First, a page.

Moscow Metro Bombings

With a pair of powerful blasts on Moscow subway cars that killed at least 38 people Monday, two female suicide bombers shattered Prime Minister Vladimir Putin's claim to have contained a separatist insurgency in Russia's southwest and forced the nation's capital to brace for a terrorist comeback after several years of calm.

The explosions occurred about 45 minutes apart at downtown stations during the morning rush hour. They followed triumphant reports in recent weeks that Russian security forces had killed several top leaders of the Islamist rebel movement, which seeks to establish a fundamentalist state in the North Caucasus region.

Prime Minister Vladimir Putin, who cemented his power in 1999 by launching a war to crush Chechen separatism, broke off a trip to Siberia, declaring "terrorists will be destroyed".

Witnesses described panic at two central Moscow stations after the blasts, with morning commuters falling over each other in dense smoke and dust as they tried to escape the worst attack on the Russian capital in six years.

At least 72 others were injured, many gravely, and officials said the death toll could rise. Russia's top security official said the bombs were filled with bolts and iron rods.

At least 38 people were killed and more than 60 injured in two suicide bomb attacks on the Moscow Metro during the morning rush hour, officials say.

Female suicide bombers are believed to have carried out the attacks on trains that had stopped at two stations in the heart of the Russian capital.

No group has yet claimed responsibility for being behind the attacks.

But Russian security services believe the bombers are linked to militant groups in the North Caucasus region.

The 2010 Moscow Metro bombings were suicide bombings carried out by two women during the morning rush hour of March 29, 2010, at two stations of the Moscow Metro (Lubyanka and Park Kultury), with roughly 40 minutes interval between. At least 40 people were killed, and over 100 injured.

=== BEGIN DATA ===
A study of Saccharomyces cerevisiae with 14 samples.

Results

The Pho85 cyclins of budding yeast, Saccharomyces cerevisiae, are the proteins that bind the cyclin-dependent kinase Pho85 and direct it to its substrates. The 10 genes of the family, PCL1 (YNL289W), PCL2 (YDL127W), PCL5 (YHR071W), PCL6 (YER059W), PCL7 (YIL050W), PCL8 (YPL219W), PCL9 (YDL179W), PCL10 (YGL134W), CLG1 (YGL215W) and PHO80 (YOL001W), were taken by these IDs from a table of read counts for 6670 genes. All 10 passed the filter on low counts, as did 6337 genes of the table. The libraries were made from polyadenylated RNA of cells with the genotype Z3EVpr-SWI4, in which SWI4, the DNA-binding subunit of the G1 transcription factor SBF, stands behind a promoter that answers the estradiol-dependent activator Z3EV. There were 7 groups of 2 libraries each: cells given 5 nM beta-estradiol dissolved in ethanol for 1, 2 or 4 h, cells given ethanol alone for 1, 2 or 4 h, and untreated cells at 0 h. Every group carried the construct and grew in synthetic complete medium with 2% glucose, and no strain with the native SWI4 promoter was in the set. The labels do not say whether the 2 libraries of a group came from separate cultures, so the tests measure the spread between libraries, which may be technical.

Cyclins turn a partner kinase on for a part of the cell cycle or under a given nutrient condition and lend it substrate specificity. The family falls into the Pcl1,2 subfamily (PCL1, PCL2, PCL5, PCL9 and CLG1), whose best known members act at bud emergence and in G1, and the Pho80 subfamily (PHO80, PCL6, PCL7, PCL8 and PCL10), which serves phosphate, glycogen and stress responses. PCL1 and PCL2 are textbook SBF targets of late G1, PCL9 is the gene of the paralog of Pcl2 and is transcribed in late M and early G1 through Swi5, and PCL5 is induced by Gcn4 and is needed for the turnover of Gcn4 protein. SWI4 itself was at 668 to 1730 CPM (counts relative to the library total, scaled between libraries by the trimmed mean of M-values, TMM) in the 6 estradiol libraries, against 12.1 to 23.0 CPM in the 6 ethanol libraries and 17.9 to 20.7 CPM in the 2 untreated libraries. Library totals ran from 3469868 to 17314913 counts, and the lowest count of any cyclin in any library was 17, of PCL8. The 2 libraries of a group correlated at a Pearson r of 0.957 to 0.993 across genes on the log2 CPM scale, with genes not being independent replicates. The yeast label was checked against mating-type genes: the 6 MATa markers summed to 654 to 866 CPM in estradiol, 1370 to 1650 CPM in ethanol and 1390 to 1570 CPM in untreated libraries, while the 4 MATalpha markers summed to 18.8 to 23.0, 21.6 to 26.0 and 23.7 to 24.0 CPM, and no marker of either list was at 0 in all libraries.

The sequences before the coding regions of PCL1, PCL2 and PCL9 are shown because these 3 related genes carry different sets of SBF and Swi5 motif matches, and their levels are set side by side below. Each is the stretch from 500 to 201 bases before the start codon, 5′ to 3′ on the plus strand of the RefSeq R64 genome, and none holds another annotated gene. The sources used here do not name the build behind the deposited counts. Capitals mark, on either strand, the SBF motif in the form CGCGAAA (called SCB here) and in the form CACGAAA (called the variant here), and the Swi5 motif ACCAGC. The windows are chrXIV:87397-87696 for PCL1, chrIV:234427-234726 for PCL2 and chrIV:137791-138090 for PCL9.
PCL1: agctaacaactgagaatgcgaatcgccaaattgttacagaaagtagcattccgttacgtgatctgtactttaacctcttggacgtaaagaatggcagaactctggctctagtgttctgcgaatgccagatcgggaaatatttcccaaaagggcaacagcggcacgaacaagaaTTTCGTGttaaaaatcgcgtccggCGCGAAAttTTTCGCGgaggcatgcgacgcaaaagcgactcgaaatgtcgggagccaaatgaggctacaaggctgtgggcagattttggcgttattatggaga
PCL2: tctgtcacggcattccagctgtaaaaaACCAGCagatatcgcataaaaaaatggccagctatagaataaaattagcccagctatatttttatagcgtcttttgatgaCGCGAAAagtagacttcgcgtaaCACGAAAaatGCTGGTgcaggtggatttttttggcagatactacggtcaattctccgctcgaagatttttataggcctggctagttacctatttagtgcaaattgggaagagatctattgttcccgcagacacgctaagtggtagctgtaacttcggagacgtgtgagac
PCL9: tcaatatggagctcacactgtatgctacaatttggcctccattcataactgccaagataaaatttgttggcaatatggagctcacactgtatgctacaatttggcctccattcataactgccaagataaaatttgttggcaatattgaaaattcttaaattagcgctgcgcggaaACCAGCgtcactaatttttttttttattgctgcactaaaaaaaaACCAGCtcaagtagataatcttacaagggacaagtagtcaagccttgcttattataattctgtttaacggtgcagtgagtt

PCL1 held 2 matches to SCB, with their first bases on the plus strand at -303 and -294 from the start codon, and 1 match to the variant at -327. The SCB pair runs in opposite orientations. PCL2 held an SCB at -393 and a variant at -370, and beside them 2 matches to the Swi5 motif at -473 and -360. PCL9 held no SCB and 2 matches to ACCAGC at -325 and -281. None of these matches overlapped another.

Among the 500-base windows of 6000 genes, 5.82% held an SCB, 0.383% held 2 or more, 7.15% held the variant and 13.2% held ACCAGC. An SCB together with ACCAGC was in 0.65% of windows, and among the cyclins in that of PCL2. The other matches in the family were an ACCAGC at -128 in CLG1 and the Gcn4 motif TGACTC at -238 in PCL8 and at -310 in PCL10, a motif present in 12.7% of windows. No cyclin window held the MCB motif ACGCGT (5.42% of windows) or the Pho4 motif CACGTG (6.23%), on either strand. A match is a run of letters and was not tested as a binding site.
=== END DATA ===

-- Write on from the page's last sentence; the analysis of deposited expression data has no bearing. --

Russian officials called the incident "the deadliest and most sophisticated terrorist attack in the Russian capital in six years", a reference to the Avtozavodskaya and Rizhskaya bombings in 2004. At the time of the attacks, an estimated 500,000 people were commuting through Moscow's metro system.

Initial investigation indicated that the bombings were perpetrated by the Islamist Chechen separatists of the Caucasus Emirate. On March 31, Chechen rebel leader Doku Umarov confirmed suspicions when he claimed responsibility for ordering the attacks in a video released on the internet. He added that such attacks in Russia would continue. The man who brought the suicide bombers to Moscow was arrested in July 2010. The Anti-Terror Committee of Russia confirmed in August 2010 that Magomedali Vagabov, along with four other militants, was killed in an operation in Dagestan. He is believed to be a militant behind the bombings, a close associate of Doku Umarov and the husband of Mariam Sharipova, one of the two suicide bombers.